Oil futures bounced on either side of unchanged early Friday, but were on track for a weekly gain, as investors weighed upbeat economic data from Europe against developments between the world’s biggest economic superpowers, which could create headwinds for crude demand, already reeling from the impact of the COVID-19 pandemic.
China ordered the closure of a U.S. consulate in Chengdu, in apparent retaliation for the U.S. ordering the closure of a Chinese consulate in Houston earlier this week, highlighting elevated tensions between Beijing and Washington, among the biggest consumers of crude and its byproducts.
President Donald Trump also added to a sense of iciness forming between the nation’s when he said late Thursday that the trade pact forged between the country’s last year and signed earlier this year “means much less” to him than it did before.
The U.S. has accused China of mishandling the COVID-19 outbreak, which was first identified in Wuhan, China in December.
U.S. Secretary of State Mike Pompeo on Thursday also called on governments around the world to join the U.S. in confronting China’s Communist Party leaders, saying in a fiery election-year speech that engagement with Beijing has failed.
“Smooth international trade relations are needed for oil demand to remain uninterrupted on the long term and tensions between the US and China are never a good sign,” wrote Bjornar Tonhaugen, head of oil markets at Rysstad Energy, in a daily note.
“Closing consulates is a clear escalation and how this relationship develops is something to keep an eye on,” he said.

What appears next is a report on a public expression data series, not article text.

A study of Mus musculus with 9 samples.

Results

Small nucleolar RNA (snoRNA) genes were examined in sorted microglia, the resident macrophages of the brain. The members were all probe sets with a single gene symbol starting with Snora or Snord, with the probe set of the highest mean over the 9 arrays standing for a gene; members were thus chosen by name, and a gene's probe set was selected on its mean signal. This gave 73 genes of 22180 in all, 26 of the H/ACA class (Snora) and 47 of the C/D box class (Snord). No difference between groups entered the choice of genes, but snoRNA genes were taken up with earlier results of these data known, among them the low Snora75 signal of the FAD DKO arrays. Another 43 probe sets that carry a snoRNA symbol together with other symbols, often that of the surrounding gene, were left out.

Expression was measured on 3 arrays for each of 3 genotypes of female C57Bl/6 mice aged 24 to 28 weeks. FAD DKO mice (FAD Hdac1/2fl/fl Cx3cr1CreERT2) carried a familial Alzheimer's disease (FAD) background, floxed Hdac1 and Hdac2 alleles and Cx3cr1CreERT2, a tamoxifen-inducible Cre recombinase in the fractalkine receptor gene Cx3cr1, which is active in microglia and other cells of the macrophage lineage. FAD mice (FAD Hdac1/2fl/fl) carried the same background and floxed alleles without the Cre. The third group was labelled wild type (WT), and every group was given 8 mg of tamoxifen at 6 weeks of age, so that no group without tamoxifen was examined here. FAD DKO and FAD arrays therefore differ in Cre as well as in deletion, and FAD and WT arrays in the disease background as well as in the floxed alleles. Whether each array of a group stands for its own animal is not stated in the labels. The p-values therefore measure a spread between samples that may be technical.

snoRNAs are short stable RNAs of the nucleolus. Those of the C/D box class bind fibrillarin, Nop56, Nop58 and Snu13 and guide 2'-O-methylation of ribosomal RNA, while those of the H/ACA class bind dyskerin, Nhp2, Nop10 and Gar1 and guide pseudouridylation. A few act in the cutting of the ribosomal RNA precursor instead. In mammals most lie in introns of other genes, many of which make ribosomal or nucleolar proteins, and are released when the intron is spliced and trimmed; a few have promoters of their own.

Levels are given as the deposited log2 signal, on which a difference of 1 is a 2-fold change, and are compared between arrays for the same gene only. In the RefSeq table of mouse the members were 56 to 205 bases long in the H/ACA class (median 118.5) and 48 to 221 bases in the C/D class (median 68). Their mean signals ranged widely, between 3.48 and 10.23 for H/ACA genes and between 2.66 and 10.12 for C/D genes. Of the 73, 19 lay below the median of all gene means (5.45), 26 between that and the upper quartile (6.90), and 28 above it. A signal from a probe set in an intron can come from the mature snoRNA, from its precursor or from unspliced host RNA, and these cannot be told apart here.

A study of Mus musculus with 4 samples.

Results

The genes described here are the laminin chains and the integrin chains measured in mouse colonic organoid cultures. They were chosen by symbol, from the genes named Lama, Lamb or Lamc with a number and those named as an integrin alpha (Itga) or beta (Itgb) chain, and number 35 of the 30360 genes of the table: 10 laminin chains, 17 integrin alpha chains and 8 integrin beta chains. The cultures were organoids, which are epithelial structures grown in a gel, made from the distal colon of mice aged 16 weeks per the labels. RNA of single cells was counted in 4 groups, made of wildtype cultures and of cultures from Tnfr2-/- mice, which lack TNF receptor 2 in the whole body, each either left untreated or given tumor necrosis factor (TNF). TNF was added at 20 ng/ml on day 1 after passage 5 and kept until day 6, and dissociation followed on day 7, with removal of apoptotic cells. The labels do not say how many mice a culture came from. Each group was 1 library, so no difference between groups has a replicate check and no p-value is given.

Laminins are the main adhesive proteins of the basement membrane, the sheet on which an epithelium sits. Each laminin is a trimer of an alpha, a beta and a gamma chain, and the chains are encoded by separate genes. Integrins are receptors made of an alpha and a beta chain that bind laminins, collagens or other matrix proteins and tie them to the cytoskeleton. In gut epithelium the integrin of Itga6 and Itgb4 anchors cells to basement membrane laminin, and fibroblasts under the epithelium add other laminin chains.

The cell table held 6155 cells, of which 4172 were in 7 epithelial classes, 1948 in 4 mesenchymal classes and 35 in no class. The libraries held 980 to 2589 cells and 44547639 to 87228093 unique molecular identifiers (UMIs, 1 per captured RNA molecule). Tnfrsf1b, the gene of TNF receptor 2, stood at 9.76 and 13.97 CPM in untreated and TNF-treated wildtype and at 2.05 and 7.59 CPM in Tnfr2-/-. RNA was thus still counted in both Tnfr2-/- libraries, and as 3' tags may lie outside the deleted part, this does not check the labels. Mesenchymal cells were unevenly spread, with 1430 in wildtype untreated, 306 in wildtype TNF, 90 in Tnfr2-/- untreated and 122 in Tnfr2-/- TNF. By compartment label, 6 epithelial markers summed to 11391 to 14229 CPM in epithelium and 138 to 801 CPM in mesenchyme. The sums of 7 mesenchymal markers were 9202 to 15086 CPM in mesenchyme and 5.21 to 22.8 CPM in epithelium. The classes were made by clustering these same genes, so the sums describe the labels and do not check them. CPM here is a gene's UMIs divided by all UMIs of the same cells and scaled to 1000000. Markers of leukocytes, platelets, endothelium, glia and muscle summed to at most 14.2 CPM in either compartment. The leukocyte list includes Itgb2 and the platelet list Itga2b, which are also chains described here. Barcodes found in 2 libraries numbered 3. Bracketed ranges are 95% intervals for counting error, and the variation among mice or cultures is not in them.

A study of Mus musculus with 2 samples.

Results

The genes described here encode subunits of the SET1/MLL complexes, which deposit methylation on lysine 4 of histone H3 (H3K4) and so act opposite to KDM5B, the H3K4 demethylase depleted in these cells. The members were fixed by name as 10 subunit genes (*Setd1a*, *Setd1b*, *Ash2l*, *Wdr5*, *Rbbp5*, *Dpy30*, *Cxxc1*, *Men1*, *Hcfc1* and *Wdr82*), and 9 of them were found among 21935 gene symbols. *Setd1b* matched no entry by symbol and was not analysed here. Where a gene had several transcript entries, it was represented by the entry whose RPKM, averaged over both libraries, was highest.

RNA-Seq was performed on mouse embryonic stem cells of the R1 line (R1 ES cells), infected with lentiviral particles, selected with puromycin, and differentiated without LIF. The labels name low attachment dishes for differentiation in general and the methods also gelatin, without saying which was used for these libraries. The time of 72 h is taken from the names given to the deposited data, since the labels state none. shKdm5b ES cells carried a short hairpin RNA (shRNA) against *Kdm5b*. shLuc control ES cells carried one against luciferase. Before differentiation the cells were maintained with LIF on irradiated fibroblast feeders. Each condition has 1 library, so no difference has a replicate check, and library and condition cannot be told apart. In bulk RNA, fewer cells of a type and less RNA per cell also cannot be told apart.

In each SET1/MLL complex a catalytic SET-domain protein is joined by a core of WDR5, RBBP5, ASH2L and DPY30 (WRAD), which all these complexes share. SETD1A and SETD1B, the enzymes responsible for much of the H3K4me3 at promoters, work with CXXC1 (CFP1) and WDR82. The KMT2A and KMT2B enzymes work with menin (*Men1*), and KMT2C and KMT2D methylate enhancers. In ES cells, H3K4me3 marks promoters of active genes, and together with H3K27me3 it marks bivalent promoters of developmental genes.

Thus far, the market has exhibited muted reactions to recent Sino-American flare-ups amid the COVID-19 pandemic.
Oil traders said that economic data out of Europe helped to inject some optimism in markets about oil demand.
French business activity beat expectations in July, rebounding more than expected after lockdown measures were lifted, a reading of purchasing managers index showed. The German manufacturing sector also avoided a contraction for the first time in 19 months, while U.K. retail sales surged 13.9% in June, beating consensus estimates of a 8.3% rise, with sales now higher than precrisis levels.
West Texas Intermediate crude for September delivery CL.1, +0.07% CLU20, +0.07% on the New York Mercantile Exchange was up 2 cents, or less than 0.1%, at $41.09 a barrel, after declining 2% on Thursday. September Brent crude BRN.1, +0.02% BRNU20, +0.02% added a penny, or less than 0.1%, at $43.32 a barrel on ICE Futures Europe, following a 2.2% skid in the previous session.
For the week, WTI was on pace for a 1.6% weekly gain, and Brent was looking at a 0.8% gain.
Commodity analysts said that storms forming in the U.S. Gulf Coast, however, could buoy crude prices because they could create supply disruptions in the oil-rich region. Tropical Storm Hanna formed late Thursday in the Gulf of Mexico, about 385 miles east, southeast of Corpus Christi, Texas, NBC News reported, citing the National Hurricane Center.